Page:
Abstract 2604: Hemoglobin is a Predictor of Exercise Testing Performance and Exercise-Induced Ischemia
Background: While hemoglobin is a known predictor of cardiovascular (CV) death following acute myocardial infarction, little is known about its effect on clinical exercise test performance. We hypothesized that subjects with low hemoglobin would have poor exercise capacity and would be more likely to exhibit exercise-induced ischemia.
Methods: Clinical variables, laboratory values, exercise treadmill data, and event data were obtained for 1,959 subjects referred for exercise treadmill testing for clinical reasons between 1996 to 2003. Stepwise multivariable regression analysis was performed to determine which variables predicted exercise performance. P-values<0.05 were considered significant.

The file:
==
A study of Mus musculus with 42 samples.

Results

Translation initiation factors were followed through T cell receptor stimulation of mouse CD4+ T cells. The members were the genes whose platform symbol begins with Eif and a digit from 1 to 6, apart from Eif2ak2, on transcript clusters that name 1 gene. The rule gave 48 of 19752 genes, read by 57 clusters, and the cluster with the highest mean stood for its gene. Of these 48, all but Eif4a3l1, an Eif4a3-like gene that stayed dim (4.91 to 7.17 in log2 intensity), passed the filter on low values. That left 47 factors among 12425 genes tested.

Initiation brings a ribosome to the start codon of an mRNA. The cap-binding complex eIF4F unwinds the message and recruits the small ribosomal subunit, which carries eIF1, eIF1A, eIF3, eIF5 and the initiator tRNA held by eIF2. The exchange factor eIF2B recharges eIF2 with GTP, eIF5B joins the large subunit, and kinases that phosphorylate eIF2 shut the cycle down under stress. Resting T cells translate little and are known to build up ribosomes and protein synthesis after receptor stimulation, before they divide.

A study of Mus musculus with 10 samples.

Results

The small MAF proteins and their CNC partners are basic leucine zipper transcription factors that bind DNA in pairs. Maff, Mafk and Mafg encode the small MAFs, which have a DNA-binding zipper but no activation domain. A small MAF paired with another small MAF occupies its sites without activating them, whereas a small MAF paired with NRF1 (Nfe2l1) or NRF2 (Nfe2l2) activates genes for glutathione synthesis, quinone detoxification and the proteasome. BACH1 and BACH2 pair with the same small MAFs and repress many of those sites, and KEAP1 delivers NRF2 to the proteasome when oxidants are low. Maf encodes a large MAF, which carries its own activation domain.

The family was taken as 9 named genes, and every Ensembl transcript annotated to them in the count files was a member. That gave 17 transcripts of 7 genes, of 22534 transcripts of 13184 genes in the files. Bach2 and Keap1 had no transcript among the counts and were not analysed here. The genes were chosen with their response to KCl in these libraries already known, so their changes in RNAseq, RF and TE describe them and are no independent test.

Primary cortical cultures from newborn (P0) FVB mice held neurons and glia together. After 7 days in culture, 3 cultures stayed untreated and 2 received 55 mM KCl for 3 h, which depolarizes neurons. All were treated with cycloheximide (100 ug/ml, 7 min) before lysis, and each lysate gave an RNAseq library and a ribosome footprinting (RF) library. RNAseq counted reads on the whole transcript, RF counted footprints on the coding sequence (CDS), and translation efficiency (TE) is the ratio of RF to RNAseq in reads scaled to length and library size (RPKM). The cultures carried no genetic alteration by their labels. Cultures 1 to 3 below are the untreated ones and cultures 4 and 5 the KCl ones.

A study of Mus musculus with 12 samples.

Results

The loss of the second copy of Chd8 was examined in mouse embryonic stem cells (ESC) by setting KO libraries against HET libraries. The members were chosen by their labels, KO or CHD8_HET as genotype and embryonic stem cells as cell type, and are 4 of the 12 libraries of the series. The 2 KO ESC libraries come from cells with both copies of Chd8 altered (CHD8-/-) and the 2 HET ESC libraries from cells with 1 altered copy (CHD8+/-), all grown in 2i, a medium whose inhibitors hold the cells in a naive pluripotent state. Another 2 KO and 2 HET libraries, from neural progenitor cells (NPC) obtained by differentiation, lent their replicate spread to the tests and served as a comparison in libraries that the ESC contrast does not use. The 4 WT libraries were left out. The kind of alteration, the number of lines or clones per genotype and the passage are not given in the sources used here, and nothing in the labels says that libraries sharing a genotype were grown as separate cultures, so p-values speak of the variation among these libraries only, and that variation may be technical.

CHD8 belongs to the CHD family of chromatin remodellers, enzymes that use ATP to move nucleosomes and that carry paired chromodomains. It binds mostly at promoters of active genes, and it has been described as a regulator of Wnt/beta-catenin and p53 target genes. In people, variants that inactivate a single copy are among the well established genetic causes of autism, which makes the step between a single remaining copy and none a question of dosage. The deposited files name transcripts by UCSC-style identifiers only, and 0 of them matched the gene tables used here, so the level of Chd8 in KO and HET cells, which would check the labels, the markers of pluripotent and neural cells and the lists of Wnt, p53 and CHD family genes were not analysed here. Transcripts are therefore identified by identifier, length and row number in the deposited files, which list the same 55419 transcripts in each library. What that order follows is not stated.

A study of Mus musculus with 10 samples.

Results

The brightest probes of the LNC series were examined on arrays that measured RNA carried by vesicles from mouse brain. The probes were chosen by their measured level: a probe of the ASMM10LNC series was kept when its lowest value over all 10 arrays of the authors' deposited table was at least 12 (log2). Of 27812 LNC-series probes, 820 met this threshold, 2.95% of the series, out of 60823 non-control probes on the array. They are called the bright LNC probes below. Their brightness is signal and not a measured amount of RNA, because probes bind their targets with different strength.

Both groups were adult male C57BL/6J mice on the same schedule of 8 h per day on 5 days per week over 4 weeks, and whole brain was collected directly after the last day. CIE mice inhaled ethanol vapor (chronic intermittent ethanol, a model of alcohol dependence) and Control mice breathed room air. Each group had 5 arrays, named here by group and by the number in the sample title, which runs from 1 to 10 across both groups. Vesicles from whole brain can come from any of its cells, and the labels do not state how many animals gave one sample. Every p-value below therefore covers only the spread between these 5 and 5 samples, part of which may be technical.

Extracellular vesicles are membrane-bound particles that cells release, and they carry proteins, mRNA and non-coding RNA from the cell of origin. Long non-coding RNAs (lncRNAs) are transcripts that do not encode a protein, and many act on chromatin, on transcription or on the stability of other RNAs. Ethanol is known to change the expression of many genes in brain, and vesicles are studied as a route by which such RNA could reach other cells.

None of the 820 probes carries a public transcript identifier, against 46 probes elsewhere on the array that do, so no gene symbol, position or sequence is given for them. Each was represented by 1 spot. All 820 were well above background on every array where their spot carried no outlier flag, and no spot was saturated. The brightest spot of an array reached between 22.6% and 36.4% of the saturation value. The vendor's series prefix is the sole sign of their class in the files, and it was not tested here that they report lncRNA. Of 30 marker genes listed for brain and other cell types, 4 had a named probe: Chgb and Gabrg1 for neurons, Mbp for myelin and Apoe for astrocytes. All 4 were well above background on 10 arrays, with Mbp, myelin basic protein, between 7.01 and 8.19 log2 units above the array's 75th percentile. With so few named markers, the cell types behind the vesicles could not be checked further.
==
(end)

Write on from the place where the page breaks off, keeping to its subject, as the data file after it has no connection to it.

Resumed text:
Results: Our population had a mean age of 57±12 years, 95% were male, 16% had diabetes, 51% had hypertension, 35% had hypercholesterolemia, and 66% had a history of smoking. Male patients with hemoglobin gm/dl <13 (n=161) achieved lower METs than male patients with hemoglobin>=13 gm/dl (n=1637) (6.4±0.2 vs 8.7±0.1, p<0.0001). Significantly more male patients with hemoglobin<13 had ST depression than patients with a hemoglobin>=13 (15.5% vs 8.6%, p<0.004). In stepwise multivariable regression analysis, hemoglobin (p<0.0001) significantly predicted exercise performance (METs), along with age, BMI, activity status, pack-years of smoking, WBC count, typical angina, claudication, COPD, and CHF. Hemoglobin level predicted exercise-induced ST depression, along with age, typical angina and administration of statins, digoxin or nitrates.
Conclusion: Hemoglobin level is a powerful predictor of exercise performance and the occurrence of ST segment depression during exercise testing. Lowered levels of hemoglobin are associated with impaired exercise performance and exercise-induced ischemia.